NEW DELHI: The forthcoming BRICS summit in Brazil will mark Prime Minister Narendra Modi’s debut on the international stage and will be his first multilateral interaction in the rarified world of top powers. He will be meeting with President Xi Jinping of China and Russian President Vladimir Putin, among several other world leaders.
Economics has been the mainstay of the previous five summits, and the Brazilian edition will not be an exception.
The show-piece of the summit is expected to be a new international bank, which will be signed off by Modi, along with Brazilian host Dilma Rousoff, South African President Jacob Zuma, Xi Jinping and Putin in Fortaleza.
But, there is likely to be much give-and-take before it takes final shape at the ministerial meeting on July 14. The main issues of equal voting rights, presidency of the bank and the location of headquarters have to be sorted out - which will require intense negotiations till the last minute.
New Delhi is especially keen that the bank should not be a photocopy of the Brettonwood system, so that China - with its dominant economy - should not get more weight in voting rights.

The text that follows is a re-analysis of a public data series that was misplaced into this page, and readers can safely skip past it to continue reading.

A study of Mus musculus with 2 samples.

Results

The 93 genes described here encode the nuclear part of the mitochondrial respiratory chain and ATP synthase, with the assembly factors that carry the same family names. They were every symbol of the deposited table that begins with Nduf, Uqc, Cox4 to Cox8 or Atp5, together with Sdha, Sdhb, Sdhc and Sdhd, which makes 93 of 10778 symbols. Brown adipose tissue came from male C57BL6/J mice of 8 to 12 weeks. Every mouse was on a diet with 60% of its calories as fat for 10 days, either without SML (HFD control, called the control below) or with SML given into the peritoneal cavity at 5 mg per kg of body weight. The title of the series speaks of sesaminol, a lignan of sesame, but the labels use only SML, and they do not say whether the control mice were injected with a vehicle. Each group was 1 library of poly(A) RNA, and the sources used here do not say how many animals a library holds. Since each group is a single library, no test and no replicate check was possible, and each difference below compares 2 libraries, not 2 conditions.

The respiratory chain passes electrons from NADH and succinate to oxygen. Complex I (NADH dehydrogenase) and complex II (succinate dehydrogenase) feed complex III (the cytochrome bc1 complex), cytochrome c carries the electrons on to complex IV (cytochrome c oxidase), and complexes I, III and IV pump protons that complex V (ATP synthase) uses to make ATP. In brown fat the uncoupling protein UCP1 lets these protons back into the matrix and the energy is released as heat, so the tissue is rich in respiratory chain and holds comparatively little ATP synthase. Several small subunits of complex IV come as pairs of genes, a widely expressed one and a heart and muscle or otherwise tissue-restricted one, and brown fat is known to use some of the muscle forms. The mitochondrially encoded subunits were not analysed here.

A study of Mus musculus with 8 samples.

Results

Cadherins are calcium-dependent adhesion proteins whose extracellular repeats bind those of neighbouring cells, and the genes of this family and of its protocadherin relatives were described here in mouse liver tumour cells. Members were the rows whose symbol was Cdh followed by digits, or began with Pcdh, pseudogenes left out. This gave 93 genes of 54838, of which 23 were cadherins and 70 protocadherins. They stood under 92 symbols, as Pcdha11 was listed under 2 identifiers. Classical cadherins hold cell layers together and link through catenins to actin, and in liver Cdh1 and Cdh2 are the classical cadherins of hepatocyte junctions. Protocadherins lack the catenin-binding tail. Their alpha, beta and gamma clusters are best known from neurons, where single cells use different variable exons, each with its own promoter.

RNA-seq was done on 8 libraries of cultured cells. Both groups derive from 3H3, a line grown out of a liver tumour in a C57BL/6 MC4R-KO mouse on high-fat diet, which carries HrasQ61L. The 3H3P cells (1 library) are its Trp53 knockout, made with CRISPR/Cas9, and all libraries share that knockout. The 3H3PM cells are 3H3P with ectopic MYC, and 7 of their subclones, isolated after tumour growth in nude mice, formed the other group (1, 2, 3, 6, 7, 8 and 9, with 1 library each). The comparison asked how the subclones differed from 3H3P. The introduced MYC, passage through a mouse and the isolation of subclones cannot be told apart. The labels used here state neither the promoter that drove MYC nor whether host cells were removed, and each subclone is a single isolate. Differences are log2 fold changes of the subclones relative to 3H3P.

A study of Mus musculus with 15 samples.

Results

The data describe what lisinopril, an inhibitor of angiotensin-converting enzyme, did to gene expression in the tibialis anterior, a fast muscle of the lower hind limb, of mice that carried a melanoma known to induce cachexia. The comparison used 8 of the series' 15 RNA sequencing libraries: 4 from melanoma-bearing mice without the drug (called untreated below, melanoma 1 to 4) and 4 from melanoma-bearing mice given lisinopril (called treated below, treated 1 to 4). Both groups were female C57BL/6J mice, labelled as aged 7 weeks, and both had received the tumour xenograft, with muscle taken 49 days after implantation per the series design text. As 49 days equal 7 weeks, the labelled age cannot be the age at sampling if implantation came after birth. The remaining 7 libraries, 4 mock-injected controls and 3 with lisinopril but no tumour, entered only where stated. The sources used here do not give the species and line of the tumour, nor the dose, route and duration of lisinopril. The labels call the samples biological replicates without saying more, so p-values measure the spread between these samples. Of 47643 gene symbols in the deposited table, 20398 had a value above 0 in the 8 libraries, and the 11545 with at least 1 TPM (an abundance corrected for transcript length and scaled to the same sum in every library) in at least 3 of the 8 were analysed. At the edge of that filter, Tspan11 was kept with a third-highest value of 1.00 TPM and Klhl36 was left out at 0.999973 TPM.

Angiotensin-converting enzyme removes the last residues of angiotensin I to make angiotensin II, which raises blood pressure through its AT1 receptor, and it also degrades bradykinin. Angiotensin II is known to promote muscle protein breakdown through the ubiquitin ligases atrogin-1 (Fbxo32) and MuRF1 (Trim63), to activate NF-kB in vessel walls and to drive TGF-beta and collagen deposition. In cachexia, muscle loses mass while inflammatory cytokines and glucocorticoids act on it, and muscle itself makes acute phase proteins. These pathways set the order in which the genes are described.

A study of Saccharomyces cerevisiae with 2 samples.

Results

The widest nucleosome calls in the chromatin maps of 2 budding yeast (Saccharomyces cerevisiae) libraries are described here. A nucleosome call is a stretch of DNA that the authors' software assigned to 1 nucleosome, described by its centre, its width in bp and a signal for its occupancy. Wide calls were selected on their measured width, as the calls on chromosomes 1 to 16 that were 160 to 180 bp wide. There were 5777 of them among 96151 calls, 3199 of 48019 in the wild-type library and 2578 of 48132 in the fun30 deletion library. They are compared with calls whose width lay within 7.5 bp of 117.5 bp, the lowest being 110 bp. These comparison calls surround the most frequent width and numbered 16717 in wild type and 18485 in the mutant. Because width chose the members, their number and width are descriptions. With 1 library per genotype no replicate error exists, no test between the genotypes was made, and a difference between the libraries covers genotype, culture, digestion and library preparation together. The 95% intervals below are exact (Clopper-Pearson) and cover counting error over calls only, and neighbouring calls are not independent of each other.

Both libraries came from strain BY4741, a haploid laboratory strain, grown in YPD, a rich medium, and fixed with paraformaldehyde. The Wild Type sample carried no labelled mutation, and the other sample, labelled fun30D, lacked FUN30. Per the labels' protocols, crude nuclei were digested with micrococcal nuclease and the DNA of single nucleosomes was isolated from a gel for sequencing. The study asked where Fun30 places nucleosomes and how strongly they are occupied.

India has already made clear its priorities for the sixth edition of the summit-- a development bank, an emergency reserve fund to draw upon in event of liquidity crunch, influencing post-2015 development agenda and export credit guarantees. The focus on economics is not an accidental one in BRICS, especially with five countries hardly seeing much convergence on major political issues.
For example, India has already identified United Nations Security Council reforms as a major agenda item for BRICS, especially as it wants to see some movement in time for UN’s 70th anniversary in 2015.
Three members of G-4 who are self-proclaimed candidates for expanded UNSC, South Africa, India and Brazil are part of BRICS. But, while BRICS statement may make some anodyne remarks, it is also a fact that China and Russia have been major instigators of the opposition against the G-4 in New York.
“Let’s see what’s the wording in the document...The final declaration will reflect the trade-offs between the various countries,” said a senior government official.
Last year’s declaration had given a joint position on the then burning international topics - middle-east peace process, Syria, Afghanistan, Mali and Iran nuclear issue. Similarly, there would be reference to most of them this time, with addition of Iraq. Russia is keen for mention of Ukraine, which will again lead to some quid-pro-quo talks over other areas of the declaration.
From his initial predilection with all things South Asia, Modi will now have to jump to a larger canvas to grapple with the various interests of the diverse group, even as he tries to build personal rapport with his interlocutors.